Acrylic paints are very versatile. They can be used to create effects of water colors, oil, and represent their own qualities. All three of these techniques may be combined into one painting if you choose to do so. Enjoy these tints as they represent a world of realism, abstract, fantasy, and much more on any chosen surface.
Prime and Layer Work Surface:
Prepare surface (paper, canvas, glass, wood, cloth, plastic, clay, etc.) with the appropriate primer to receive acrylic paints. Layer colors of acrylic paint as outlined in your sketch. Continue layering paint until satisfying texture and depth.
Layering can be done horizontally, vertically, or overall. Utilize different tools of application. Brushes are commonly used. Experiment with other objects such as wooden or plastic spoons, knives and spatulas, and sponges and cloth to create flat, fluffy, or ridged surfaces.
Layering and Sketching:
Layering paints on the work surface is very important as it will add more dimensional and richer texture to your painting. Make any necessary adjustments or surface preparation of the working surface. Then choose to pencil, pen, or paint a sketch.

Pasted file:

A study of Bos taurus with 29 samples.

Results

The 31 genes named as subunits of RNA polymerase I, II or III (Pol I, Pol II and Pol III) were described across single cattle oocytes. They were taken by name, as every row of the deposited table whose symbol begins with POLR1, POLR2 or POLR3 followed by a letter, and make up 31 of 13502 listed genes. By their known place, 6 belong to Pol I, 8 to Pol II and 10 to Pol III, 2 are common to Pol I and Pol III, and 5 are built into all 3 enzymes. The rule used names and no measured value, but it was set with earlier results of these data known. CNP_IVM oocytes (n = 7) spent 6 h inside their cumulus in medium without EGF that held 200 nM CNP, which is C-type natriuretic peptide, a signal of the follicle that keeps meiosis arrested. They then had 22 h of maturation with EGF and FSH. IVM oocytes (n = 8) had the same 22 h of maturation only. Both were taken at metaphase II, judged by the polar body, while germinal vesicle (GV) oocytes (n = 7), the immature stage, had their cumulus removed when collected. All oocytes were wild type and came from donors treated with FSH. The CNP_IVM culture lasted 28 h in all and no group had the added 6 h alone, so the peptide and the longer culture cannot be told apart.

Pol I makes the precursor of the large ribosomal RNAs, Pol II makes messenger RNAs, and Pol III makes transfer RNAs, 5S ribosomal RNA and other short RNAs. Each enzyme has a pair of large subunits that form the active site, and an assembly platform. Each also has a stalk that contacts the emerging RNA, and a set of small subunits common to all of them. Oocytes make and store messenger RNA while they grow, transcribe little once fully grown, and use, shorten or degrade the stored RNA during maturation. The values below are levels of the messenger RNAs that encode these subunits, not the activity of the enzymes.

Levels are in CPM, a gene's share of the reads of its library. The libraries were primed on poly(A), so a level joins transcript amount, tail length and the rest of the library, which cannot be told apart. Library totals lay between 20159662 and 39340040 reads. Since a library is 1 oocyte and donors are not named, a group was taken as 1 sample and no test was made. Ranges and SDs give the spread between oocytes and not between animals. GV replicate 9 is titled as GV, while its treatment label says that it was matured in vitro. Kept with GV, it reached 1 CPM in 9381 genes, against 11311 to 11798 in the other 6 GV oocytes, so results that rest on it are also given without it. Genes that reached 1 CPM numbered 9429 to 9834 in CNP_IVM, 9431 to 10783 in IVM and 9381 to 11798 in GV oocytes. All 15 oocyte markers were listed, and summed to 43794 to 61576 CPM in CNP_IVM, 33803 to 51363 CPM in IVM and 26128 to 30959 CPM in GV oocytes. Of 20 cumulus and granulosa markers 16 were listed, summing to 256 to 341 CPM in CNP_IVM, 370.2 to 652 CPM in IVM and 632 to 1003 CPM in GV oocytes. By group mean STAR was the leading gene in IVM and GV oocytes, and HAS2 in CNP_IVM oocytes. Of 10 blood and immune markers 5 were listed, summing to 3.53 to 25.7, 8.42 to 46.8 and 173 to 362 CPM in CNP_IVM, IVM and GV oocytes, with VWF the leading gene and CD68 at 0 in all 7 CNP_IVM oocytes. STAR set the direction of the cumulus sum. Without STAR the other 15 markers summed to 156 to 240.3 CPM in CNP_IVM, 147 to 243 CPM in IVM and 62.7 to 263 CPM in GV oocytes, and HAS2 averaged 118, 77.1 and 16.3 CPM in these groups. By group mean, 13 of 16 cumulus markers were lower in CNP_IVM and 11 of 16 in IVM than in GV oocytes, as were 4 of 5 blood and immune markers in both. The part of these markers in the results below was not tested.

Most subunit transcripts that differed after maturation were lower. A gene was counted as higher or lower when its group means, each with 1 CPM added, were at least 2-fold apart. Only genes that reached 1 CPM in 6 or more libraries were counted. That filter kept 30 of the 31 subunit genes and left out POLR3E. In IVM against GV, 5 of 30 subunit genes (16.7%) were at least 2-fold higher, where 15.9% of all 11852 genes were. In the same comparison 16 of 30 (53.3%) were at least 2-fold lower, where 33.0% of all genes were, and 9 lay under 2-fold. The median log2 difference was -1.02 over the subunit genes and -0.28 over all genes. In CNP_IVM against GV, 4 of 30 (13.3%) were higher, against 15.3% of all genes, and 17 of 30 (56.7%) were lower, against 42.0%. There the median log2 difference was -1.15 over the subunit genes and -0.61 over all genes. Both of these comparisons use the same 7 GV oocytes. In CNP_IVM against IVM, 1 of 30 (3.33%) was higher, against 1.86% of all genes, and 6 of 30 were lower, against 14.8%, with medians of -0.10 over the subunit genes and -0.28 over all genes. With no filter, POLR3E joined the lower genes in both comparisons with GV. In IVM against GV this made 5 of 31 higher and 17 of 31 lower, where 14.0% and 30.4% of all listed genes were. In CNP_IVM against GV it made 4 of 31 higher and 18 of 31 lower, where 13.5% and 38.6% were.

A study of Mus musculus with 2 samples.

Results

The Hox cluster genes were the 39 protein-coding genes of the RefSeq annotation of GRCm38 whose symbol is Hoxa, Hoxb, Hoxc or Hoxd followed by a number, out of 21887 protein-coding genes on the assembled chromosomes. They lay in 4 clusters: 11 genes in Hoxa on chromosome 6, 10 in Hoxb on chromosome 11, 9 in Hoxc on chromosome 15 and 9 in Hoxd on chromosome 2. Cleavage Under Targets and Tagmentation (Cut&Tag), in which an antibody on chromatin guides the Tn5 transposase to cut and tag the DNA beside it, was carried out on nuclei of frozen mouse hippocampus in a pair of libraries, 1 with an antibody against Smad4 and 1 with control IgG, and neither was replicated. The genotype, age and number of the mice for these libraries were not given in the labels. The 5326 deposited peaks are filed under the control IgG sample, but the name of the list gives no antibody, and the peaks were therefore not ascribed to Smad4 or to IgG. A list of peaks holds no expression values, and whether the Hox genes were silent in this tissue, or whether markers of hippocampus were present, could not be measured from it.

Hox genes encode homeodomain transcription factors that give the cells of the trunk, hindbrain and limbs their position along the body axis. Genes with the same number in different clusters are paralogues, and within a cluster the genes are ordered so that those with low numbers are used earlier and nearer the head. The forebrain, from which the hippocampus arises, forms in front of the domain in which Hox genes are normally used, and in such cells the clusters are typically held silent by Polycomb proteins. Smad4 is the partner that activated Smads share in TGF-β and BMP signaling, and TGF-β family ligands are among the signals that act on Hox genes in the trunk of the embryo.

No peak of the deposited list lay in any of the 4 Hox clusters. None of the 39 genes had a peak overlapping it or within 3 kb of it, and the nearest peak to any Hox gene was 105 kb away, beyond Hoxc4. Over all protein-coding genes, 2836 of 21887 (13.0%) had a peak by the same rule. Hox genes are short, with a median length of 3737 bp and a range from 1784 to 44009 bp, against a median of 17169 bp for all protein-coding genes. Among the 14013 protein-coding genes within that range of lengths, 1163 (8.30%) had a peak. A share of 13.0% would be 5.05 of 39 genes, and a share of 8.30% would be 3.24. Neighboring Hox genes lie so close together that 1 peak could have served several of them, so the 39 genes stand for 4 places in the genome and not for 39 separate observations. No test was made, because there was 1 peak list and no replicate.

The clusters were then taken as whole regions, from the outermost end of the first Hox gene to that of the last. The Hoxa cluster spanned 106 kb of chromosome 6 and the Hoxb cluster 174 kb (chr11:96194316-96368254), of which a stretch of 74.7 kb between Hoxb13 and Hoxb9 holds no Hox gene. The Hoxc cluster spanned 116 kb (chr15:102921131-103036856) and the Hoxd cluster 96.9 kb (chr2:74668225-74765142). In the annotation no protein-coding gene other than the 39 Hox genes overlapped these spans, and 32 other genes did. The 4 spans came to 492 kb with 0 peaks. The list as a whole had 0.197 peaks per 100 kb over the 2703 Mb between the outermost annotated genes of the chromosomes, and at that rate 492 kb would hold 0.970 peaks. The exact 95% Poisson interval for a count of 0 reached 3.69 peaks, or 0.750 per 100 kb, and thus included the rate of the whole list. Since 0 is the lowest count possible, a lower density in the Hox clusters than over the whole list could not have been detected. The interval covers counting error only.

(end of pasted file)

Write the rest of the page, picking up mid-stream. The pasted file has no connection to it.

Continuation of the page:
My personal preference for sketching is a combination of both pencil and paint. Use a very light pencil because depending on the chosen pigment it may require many layers of application to hide pencil marks.
Benefits of a painted background:
- It is a guideline for foundation colors, depth, texture, and richness of the finished work.
- Prevents white paper or canvas peek-a-boos leaking through the work.
- Painting the background sets the bonding agents of the foundation and the paints to adhere tightly together and prevent tint fade outs or chipping paint.
- It is very difficult to paint the background after the details have been completed. There will always be an outline of bare paper or canvas showing around the details. The details will appear to recede into the background rather than being displayed in their natural order. Always paint starting with the background and work forward.
- It presents a refined and finished work of art.
Layering and Blending:
- Layering is the application of paint on paint to help acquire texture, depth and rich deep colors.
- Blending is combining colors by overlapping.
Two techniques for blending is misting the surface or wet on wet application.
Blending and layering are two of many techniques for which these paints may be utilized. Many other approaches may be taken with these pigments to create masterpieces.